What About Them?
Love your enemies.
Lately, this concept has, quite literally, been following me around. Like a persistent child, it’s right at my heels no matter where I turn. It’s sneaking into sermons, I keep tripping over it during my quiet time, it’s been weaseling its way into everyday conversations, and it drops by unannounced while I’m doing completely unrelated research for work.
I think, perhaps, God is trying to tell me something.
The thing is: I don’t have any enemies. At least, I don’t think I do. Sure, there are people I like less than others. But, as a general rule, I don’t foster a profuse hatred toward anyone in particular. So, I just assumed I was doing okay in this area.
Apparently there’s more to it than that.
Like I said, to my knowledge, I don’t have any enemies, but there are plenty of people who – well, to be perfectly honest – irritate me. Some annoy me. And still others aggravate me to the point of actually getting angry or upset. So what about them?
It seems the whole love your enemies thing is more complex than the mere absence of hatred. It requires action in all kinds of circumstances. It demands that we are absolutely and utterly selfless when faced with situations and people that are unpleasant to deal with. It means – through words and actions – putting people who annoy us, irritate us, and make us angry completely before ourselves. We have to love them. Really love them – like Jesus does.
I mess up a lot. I get moody. Sometimes I’m insanely stubborn. There are even times I resort to whining. But God still loves me. And as He continues to pursue me with the idea of loving my enemies, this line from a commentary on one of Paul’s letters caught my eye: “Consider the long-term results of thoughtlessly pursuing what is good for you.”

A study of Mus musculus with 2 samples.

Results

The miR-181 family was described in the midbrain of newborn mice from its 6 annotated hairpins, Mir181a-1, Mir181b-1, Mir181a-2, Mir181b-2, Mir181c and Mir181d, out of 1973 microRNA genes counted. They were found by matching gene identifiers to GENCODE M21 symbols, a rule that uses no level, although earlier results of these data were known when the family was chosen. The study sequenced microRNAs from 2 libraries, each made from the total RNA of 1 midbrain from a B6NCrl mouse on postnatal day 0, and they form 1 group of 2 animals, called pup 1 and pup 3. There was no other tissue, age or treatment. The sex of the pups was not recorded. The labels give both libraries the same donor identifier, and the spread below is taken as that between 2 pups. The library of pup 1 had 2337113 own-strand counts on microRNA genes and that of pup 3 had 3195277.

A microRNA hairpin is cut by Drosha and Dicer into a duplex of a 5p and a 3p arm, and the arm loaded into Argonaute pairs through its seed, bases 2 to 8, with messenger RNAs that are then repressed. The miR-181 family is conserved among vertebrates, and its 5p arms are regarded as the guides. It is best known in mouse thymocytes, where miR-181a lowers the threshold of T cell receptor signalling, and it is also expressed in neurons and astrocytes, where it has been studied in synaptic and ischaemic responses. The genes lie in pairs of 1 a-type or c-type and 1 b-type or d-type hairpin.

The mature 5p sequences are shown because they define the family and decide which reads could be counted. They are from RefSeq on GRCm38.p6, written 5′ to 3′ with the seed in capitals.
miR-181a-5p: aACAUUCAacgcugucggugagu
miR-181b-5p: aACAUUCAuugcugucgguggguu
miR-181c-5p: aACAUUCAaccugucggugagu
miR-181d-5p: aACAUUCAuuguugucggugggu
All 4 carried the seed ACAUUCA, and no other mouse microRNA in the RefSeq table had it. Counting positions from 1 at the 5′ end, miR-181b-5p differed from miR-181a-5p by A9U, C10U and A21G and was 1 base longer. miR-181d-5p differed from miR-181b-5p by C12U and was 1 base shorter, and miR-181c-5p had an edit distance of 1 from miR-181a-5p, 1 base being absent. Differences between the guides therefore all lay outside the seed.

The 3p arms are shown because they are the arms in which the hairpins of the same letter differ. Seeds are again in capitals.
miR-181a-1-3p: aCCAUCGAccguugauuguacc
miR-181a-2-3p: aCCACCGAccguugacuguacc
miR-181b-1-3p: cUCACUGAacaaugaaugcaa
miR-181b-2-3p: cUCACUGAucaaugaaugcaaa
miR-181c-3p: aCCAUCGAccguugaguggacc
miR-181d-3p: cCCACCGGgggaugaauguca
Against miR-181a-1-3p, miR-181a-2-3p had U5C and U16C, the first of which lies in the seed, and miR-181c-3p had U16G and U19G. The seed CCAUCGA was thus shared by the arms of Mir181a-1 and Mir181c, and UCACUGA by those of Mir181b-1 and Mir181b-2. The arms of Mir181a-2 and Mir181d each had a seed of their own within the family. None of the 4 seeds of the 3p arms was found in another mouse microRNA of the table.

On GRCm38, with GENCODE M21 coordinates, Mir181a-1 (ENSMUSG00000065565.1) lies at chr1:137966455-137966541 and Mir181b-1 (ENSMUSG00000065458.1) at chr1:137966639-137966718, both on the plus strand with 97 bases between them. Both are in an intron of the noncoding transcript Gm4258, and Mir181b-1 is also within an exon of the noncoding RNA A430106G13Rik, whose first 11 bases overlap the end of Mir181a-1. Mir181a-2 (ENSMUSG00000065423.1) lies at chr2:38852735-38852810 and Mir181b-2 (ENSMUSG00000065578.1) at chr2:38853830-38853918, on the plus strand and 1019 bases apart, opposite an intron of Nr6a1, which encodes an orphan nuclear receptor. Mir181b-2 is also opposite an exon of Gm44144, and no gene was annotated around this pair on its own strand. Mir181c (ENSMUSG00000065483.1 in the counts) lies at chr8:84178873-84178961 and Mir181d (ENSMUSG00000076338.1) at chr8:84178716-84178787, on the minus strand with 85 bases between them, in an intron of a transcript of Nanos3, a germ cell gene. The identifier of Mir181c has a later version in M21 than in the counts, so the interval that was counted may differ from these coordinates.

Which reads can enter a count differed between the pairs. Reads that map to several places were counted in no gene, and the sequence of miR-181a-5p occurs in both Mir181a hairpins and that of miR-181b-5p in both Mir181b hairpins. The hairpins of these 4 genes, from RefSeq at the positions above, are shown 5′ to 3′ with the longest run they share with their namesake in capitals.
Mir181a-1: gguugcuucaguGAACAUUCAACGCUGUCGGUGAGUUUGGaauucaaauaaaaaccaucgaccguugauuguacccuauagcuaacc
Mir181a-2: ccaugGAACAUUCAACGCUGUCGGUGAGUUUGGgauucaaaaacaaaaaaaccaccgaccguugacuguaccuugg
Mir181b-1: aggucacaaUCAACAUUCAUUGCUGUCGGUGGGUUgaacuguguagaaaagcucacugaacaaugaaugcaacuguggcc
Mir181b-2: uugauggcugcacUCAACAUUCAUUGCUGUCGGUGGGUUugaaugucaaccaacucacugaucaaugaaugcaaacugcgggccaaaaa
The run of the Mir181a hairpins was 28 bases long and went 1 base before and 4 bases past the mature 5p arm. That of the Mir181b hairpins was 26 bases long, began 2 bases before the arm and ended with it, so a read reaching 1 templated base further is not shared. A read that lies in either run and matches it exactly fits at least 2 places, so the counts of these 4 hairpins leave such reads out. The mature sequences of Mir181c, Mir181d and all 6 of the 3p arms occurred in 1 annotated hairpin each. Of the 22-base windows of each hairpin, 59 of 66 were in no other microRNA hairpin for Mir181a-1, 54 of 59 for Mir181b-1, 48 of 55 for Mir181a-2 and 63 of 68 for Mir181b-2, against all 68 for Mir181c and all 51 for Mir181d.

Left to my own devices, I’m certainly prone to pursuing what is good for me. But the gospel flaunts love and unity, and it keeps a pulse on the ever-present reality of eternity. “Get along,” it says. “Treat each other with respect,” it demands. “Love people to Heaven,” it pleads.
Love people to heaven – all people. Even the excessively-grumpy cashier who overcharged me. Even the girl at club who won’t sit down, sit still, or stop talking. Even an overbearing parent, a nosey next-door neighbor, or an arrogant coworker. And, perhaps most importantly, even the people who have deeply, deeply wounded me.
Love them. Really love them. All of them. Like God does.